Future versions of Apple’s iPad tablet will include a camera, according to evidence – but it looks like the first devices will be shipped with no camera
The Apple’s iPad could contain a built-in camera, according to clues dropped at the launch, and a repair shop company with access to iPad parts – but most people believe the camera won’t show up till later versions of the tablet PC.
Mission:Repair, a Kansas-based Apple product repair company recently received spare parts for the iPad, and posted a picture of a frame on its blog, which clearly has a space where a camera could be installed.
“We received our first shipment of iPad parts today,” Ryan Arter of Mission:Repair said. “Upon opening them up and getting our hands on some of these rare items, we immediately noticed what appears to be a ‘spot’ for a camera within the iPad frame.”
A camera from a MacBook apparently fits the space on the alleged iPad frame (see picture below, from Mission Repair): “The lens fits in the hole, the LED that indicates that the camera is on, fits, and the ambient light sensor hole is also correct. It appears that the plans to have camera in the iPad is a reality.”
Separately, Wired posted photos from Apple’s launch of the iPad in San Francisco, suggesting that a lighter-colored dot on the device’s frame could in fact be a Webcam. An iPad emulator for software developers also apparently has an option for “Take Photo”, Commenters to that article have suggested that the “dot” could be an ambient light sensor.
Official photos of the device on Apple’s site, however, reveal no such Webcam; nor do the technical specs indicate a built-in camera module or mechanical button to operate one. From the outset, Apple is planning on offering an ‘iPad Camera Connection Kit’ accessory that allows users to import photos and videos from a digital camera onto the device.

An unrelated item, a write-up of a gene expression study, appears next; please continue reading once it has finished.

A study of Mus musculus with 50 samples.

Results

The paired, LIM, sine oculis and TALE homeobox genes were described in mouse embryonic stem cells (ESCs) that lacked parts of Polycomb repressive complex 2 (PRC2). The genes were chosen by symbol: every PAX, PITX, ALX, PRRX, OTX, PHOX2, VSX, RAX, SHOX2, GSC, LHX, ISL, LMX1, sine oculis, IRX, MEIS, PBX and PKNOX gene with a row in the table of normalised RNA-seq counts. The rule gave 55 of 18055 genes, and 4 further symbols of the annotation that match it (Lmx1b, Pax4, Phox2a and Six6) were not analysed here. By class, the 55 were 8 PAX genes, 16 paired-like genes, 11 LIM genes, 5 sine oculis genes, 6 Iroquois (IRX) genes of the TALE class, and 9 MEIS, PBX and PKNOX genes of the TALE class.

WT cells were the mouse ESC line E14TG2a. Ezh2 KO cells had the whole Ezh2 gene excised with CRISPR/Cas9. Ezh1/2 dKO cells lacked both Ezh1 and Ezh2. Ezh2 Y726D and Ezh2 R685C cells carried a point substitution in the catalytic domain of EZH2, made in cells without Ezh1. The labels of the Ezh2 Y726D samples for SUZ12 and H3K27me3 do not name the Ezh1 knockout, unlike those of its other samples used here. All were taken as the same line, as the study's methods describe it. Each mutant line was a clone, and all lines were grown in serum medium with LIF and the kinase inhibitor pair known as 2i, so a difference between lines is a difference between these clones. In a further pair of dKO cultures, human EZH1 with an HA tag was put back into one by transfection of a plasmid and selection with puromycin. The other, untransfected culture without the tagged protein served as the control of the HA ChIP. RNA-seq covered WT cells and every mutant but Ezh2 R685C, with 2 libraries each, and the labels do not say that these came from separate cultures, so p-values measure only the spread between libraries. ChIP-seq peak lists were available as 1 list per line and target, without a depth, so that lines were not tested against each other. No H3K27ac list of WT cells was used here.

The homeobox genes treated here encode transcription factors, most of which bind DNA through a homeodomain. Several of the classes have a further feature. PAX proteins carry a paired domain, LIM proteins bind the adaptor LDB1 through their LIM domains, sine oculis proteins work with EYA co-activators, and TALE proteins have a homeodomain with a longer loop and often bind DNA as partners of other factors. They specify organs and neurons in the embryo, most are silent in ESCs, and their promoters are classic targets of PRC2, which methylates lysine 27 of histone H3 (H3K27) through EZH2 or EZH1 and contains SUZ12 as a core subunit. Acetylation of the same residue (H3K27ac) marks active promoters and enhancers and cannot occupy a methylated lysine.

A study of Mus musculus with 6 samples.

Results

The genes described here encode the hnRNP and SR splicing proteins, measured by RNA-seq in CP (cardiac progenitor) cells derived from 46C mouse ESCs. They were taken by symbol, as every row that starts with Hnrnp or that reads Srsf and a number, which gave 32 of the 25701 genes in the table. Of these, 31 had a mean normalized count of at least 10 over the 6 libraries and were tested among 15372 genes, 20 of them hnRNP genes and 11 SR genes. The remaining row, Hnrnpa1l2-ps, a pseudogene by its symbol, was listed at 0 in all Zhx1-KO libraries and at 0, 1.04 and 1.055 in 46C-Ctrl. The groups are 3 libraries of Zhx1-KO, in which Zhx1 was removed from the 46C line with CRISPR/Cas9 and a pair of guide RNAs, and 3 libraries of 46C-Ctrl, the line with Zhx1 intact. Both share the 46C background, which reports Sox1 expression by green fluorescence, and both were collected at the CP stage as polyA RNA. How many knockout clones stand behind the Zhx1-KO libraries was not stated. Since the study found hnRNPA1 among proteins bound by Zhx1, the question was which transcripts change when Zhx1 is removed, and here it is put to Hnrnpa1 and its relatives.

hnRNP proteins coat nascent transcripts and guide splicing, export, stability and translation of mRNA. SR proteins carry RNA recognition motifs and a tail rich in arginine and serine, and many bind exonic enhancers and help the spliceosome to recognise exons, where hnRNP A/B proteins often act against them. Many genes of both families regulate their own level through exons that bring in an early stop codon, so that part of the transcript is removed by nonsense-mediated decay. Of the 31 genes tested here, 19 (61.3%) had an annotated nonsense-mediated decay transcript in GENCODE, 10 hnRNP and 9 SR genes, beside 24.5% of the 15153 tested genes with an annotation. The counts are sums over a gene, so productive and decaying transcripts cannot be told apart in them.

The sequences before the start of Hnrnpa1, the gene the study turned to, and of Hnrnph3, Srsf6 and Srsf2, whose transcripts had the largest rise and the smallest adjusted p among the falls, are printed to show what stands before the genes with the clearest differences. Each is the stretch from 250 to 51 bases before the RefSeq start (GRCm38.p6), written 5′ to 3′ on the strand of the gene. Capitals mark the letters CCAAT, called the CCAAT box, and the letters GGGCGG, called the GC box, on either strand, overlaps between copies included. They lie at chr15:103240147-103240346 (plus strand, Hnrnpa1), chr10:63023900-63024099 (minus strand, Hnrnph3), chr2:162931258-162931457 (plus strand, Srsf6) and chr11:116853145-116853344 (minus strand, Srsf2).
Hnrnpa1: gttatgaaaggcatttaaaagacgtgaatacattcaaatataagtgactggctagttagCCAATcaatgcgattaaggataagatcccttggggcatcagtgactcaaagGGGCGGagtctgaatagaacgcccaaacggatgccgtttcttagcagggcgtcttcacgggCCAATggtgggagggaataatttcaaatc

The buzz for Apple’s iPad steadily built in the months and weeks that led to its unveiling, and seems to have continued unabated despite many aspects of the device now being known: the iPad has a 9.7-inch LED backlit glossy multi-touch display with IPS technology, capable of displaying multimedia with 1024-by-768 resolution, and connectivity courtesy of either a Wi-Fi connection or combined Wi-Fi and 3G. Powering the device is a 1GHz Apple A4 proprietary processor (probably containing UK-designed ARM technology), combined with either 16GB, 32GB or 64GB flash drives. Apple has stated that the device will have a 10-hour battery life.
As announced, price points for the iPad will vary based on options. The 16GB version will cost $499 (£311) with Wi-Fi, and $629 (£392.50) with Wi-Fi and 3G. The 32GB version will cost $599 (£374) with Wi-Fi, and $729 (£455)with Wi-Fi and 3G. The 64GB version will cost $699 (£436) with Wi-Fi, and $829 (£517) with Wi-Fi and 3G.
By introducing an iBooks e-books storefront along with the iPad, Apple is seemingly gearing up for a broad-based assault on the e-reader market, currently dominated by Amazon’s Kindle line.
“Apple is taking on Amazon’s Kindle directly with the iPad, though iPad has weaknesses as a dedicated e-book reader and its entry level cellular-enabled model costs much more than Kindle’s $259 (£162),” IDC analyst Susan Kevorkian wrote in a research note. “IPS offers a better viewing angle than traditional LCD technologies, but is not any better than other LCDs outdoors, and its backlighting can induce discomfort from eyestrain, something that Kindle has hedged against with its E Ink display technology.”
Apple also introduced the iPhone SDK 2.3 beta along with the iPad, and is encouraging developers to craft tablet-centric applications. Roughly 140,000 apps will be available for the iPad through the App Store when the device is released in two months.
Much of the early criticism of the device has focused on its resemblance to an oversized iPhone or iPod Touch. If a succeeding generation of the iPad features a camera, those critics may find more grist for their original arguments.